Harvard's Federal Research Funding Declines Slightly in FY 2014

FY 2014 Research Funding
Federal funding for Harvard research fell by 5 percent in fiscal year 2014 following federal budget cuts.

Federal funding for Harvard research fell by 5 percent to $608 million in the University’s fiscal year 2014, the first full Harvard fiscal year after the federal government enacted broad budget cuts collectively known as sequestration, according to the Office for Sponsored Program’s annual report.

During the same period, non-federal funding from external entities like corporations and foundations grew by 12 percent to $203.5 million, slightly cushioning the years-long decline in federal funding granted to Harvard researchers, according to the November 2014 report.

The decline in federal funding granted to Harvard researchers follows a national trend in American higher education since March of 2013, when the sequester—slated to progressively trim $1.2 trillion total from all federal programs over 10 years—first went into effect. University President Drew G. Faust has warned against the dangers of sequestration, stating in her 2013 commencement address that “great ideas that could lead to improved human lives and opportunities, and improved understanding, are left without support or the means for further development.”

Still, Catherine Breen, director of the Office for Sponsored Programs, said Harvard fared better than some expected.

“We had anticipated that the federal dollars would drop...between 7 and 10 percent, so we did slightly better,” Breen said.

The report also notes that the number of proposals for funding increased to 4,030 in 2014, up from 3,968 in 2013.While the overall number of submitted proposals has increased, however, the amount of money requested has decreased from $3.383 billion in 2013 to $2.848 billion in 2014.

According to Kevin Casey,  associate vice president for Public Affairs and Communications, the increasing number of proposals may indicate that researchers are spending more time writing grants and less time doing actual research.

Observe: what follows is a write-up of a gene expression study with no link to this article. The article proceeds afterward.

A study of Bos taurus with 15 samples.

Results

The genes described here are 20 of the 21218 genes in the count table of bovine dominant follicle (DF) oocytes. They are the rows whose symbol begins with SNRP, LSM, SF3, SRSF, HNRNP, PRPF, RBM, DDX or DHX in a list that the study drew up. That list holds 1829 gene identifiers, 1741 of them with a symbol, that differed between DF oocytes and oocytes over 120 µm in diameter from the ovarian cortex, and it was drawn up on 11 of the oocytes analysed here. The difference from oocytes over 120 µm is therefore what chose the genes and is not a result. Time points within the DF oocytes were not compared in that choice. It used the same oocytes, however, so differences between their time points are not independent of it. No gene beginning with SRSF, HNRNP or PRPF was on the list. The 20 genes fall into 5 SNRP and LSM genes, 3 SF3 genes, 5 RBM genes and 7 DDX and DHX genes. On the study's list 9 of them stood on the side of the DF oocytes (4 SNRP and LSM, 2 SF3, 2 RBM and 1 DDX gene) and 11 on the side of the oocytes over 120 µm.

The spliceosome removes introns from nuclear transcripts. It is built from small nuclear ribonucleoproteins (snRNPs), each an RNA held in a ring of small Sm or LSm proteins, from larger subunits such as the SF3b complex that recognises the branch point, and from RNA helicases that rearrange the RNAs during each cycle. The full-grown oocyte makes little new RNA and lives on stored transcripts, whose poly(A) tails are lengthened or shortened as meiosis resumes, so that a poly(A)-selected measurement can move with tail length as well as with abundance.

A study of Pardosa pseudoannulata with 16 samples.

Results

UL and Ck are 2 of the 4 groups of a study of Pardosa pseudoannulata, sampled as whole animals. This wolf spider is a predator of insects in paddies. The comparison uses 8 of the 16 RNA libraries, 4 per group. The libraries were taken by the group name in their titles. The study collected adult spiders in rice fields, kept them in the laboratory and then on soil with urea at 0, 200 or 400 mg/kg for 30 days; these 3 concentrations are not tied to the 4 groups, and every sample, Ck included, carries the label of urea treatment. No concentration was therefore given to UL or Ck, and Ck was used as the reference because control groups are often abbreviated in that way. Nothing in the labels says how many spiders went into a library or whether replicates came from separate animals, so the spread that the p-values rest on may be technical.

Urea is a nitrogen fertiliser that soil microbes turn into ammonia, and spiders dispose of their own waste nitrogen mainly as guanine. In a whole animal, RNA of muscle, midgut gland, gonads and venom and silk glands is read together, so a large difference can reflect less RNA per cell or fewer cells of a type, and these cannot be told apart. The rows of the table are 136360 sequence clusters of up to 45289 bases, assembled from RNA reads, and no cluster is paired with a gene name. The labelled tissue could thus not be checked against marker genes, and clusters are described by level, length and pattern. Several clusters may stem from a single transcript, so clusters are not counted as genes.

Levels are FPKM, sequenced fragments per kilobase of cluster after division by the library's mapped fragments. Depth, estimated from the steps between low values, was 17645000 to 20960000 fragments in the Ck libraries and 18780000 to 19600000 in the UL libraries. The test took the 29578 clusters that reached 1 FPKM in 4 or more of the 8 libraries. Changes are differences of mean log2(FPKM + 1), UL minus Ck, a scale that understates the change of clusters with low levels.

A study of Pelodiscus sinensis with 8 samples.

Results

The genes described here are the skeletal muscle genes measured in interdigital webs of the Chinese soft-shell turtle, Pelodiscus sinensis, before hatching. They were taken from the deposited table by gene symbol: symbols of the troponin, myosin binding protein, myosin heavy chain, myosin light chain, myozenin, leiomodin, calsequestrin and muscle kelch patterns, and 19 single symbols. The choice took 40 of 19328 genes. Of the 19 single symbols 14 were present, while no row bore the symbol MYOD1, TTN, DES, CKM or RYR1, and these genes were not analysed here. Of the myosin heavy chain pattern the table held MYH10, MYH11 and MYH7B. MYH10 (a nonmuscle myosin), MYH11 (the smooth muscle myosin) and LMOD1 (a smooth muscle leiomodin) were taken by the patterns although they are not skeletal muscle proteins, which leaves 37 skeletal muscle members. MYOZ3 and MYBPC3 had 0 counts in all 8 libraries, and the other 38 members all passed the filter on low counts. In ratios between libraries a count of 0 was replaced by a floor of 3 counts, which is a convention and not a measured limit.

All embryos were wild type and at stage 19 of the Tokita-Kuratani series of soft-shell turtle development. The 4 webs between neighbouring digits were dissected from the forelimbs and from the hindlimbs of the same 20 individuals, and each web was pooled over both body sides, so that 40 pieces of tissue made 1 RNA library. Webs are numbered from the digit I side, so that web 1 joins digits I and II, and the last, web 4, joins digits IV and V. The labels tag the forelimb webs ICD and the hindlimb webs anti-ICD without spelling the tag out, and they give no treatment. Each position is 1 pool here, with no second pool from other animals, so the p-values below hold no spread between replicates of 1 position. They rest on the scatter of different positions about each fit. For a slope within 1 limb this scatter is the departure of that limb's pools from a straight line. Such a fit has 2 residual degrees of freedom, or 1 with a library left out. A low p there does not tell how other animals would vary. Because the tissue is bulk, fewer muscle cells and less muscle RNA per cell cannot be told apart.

“I think Harvard’s holding a high level competitive advantage because of the quality of our faculty, but they’re working harder, spending more time, and it’s become more stressful to the work,” he said.

Organismic and Evolutionary Biology professor Peter R. Girguis said in an interview in October that he has been able to continue his research afloat despite the sequester “in no small part due to the amount of effort I put into writing research proposals.”

“Where I might have had to submit four to five proposals a year to support a medium sized lab, the last few years I’ve doubled or tripled that effort,” he said, adding that “proposals take on the order of weeks to months; these are not done in a day.”

According to Breen, Harvard Medical School in 2014 submitted the most proposals with 1,331.

Although Breen and Casey said that faculty members have been creatively addressing the decline in federal funding by crowdsourcing funds and reaching out to corporations and foundations, both agree that these efforts will never fully replace government support. Casey said that moving forward, there may be even greater federal reductions in the coming years.

“We’re working to forestall those, but the forecast is cloudy still because of sequestration,” he said.

The Medical School requested the largest amount of money—$940.7 million—followed by the Harvard School of Public Health and the Faculty of Arts and Sciences, “because of the sheer size of the school and the sort of breadth of research that they do,” Breen said. Of the $2.8 billion requested dollars for research, $1.7 billion came from the Longwood area of Harvard’s campus, comprised of the Medical School and the School of Public Health.

The 2014 report, unlike previous years, does not include financial breakdowns for each of Harvard’s individual schools. According to Breen, faculty overlap between schools and institutes made it difficult to determine which schools received certain funds.

The National Institute of Health continued to be Harvard’s main source of federal funding for research, offering $421 million. Unlike in previous years, the report did not specifically define Harvard’s lead non-federal funder, which has historically been the Bill and Melinda Gates Foundation, but it noted that foundations on the whole provided the most non-federal funds to Harvard researchers.  

—Staff writer Steven R. Watros contributed to the reporting of this story. 

—Staff writer Meg P. Bernhard can be reached at meg.bernhard@thecrimson.com. Follow her on Twitter @Meg_Bernhard.